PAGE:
FEBRUARY 11, 2009 -- The telco broadband market experienced a significant downturn in new subscriber additions during 2008, according to iSuppli Corp. (search for iSuppli Corp.).
"New telco broadband subscriber growth saw a 9.1% decline in 2008, following double-digit gains during the prior five years," reports Steve Rago, principal analyst, broadband and digital home for iSuppli. "Hardest hit was North America, with new subscriber additions in 2008 amounting to 3.1 million, down 56.1% from 6.5 million in 2007. The world's developed regions reached broadband saturation during 2008, while developing regions continued to grow. Of these regions, Latin America experienced the strongest growth," he confirms. "While the number of new broadband subscribers declined, global revenues from broadband equipment sales increased year-over-year by 9%."
Driven by the need to upgrade the broadband access network, new Fiber-To-The-Home (FTTH) connections grew by 90%, and new VDSL connections grew by 54% compared to 2007. In the cable world, many European and American operators introduced DOCSIS 3.0, significantly increasing broadband access data rates. iSuppli believes 2008 was a milestone in the growth of very high-speed access networks. Growth in this segment of the broadband market will continue to accelerate for several years.
Telco TV was a major driver of high-speed access upgrades during 2008. Virtually every telephone company and competitive access supplier deployed or made plans to deploy television services during 2008. Overall, telco TV subscribers grew by 8.8 million to end 2008 at a total of 18.5 million.
Telco TV during 2008 transitioned from the early-adopter stage to the growth stage. Global revenues for equipment supporting telco TV ended 2008 at $5.8 billion. Over the next five years, revenue in this segment will grow at a Compound Annual Growth Rate (CAGR) of 20%, iSuppli forecasts.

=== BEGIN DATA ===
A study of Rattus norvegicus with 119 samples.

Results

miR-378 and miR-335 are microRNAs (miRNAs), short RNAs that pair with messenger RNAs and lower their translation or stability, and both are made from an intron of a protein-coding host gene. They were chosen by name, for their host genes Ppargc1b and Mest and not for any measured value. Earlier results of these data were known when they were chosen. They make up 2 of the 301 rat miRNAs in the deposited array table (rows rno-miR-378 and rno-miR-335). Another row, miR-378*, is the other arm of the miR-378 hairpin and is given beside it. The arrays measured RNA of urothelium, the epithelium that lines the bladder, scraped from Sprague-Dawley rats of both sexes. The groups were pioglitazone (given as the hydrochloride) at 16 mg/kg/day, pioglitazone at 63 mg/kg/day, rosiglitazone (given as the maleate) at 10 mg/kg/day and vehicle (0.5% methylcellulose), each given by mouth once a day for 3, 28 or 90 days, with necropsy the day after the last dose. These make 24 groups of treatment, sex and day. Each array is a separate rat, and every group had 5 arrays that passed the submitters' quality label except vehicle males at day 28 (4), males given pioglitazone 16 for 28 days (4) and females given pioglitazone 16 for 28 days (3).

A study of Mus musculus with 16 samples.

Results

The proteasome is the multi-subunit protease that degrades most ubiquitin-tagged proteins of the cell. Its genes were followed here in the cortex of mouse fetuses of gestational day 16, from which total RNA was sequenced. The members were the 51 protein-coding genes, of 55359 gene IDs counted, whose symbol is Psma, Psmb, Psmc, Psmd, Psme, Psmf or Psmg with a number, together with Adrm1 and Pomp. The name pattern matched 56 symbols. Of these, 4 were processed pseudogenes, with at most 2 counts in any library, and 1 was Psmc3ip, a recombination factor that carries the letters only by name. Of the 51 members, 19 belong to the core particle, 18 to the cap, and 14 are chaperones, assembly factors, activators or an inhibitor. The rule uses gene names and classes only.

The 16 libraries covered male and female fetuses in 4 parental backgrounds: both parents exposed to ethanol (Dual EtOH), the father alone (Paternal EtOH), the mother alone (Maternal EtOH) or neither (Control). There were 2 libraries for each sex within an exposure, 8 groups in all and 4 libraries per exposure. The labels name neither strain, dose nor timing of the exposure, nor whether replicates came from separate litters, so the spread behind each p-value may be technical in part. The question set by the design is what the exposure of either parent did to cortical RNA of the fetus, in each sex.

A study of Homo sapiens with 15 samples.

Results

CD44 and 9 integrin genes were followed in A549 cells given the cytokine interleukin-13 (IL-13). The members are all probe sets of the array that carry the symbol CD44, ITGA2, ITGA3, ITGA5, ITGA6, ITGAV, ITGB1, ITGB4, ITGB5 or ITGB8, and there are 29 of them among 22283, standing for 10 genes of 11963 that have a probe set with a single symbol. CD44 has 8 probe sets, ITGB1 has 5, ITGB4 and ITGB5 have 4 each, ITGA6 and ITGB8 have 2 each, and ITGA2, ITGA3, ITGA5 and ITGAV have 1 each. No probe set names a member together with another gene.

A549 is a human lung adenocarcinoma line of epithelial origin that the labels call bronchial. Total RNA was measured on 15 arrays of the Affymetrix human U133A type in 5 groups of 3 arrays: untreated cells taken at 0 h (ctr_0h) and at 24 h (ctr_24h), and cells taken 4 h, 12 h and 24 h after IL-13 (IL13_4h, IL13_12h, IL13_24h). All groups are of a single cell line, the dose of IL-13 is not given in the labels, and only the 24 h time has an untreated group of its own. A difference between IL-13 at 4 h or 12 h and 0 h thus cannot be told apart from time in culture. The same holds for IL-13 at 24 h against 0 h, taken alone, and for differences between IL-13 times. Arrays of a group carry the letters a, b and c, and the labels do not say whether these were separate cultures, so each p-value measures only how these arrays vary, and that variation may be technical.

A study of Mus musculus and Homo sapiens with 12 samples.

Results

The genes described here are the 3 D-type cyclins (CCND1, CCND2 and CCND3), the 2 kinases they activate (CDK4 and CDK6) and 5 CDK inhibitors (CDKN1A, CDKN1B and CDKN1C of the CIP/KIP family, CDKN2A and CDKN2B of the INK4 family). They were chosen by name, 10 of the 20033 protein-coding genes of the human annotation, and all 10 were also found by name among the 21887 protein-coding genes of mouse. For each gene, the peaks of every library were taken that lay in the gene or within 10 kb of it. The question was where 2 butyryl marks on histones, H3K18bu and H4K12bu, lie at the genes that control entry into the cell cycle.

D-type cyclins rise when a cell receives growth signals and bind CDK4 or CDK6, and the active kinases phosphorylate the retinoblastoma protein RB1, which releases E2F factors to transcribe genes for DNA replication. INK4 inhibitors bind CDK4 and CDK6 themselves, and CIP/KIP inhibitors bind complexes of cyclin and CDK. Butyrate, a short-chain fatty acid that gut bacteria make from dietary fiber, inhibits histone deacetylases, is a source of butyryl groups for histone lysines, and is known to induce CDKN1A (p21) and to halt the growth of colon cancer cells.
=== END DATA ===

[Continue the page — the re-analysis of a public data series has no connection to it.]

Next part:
IPTV, which is a superset of telco TV, will change the way the world views entertainment both inside and outside the home. IPTV represents one of the most significant paradigm shifts in the communications world since the rise of the cell-phone market, say iSuppli analysts.
The battle for the broadband subscriber bundle between the telephone
companies, multiple systems operators (MSOs), and direct-to-home (DTH) satellite providers picked up momentum during 2008. Regional skirmishes during 2007 transformed into major battles in 2008. North America was the most hotly contested battleground.
MSOs, led by Comcast and Time Warner, added 4.3 million new voice subscribers, most of which were previously telephone subscribers. The MSOs in North America also won the battle for the broadband connection, adding 4 million subscribers compared to 2 million for the telephone companies.
The telephone companies countered with a net addition of 3.3 million television subscribers. The broadband subscriber bundle battle will intensify during 2009, even in the face of economic conditions, and will spread to Europe, iSuppli believes.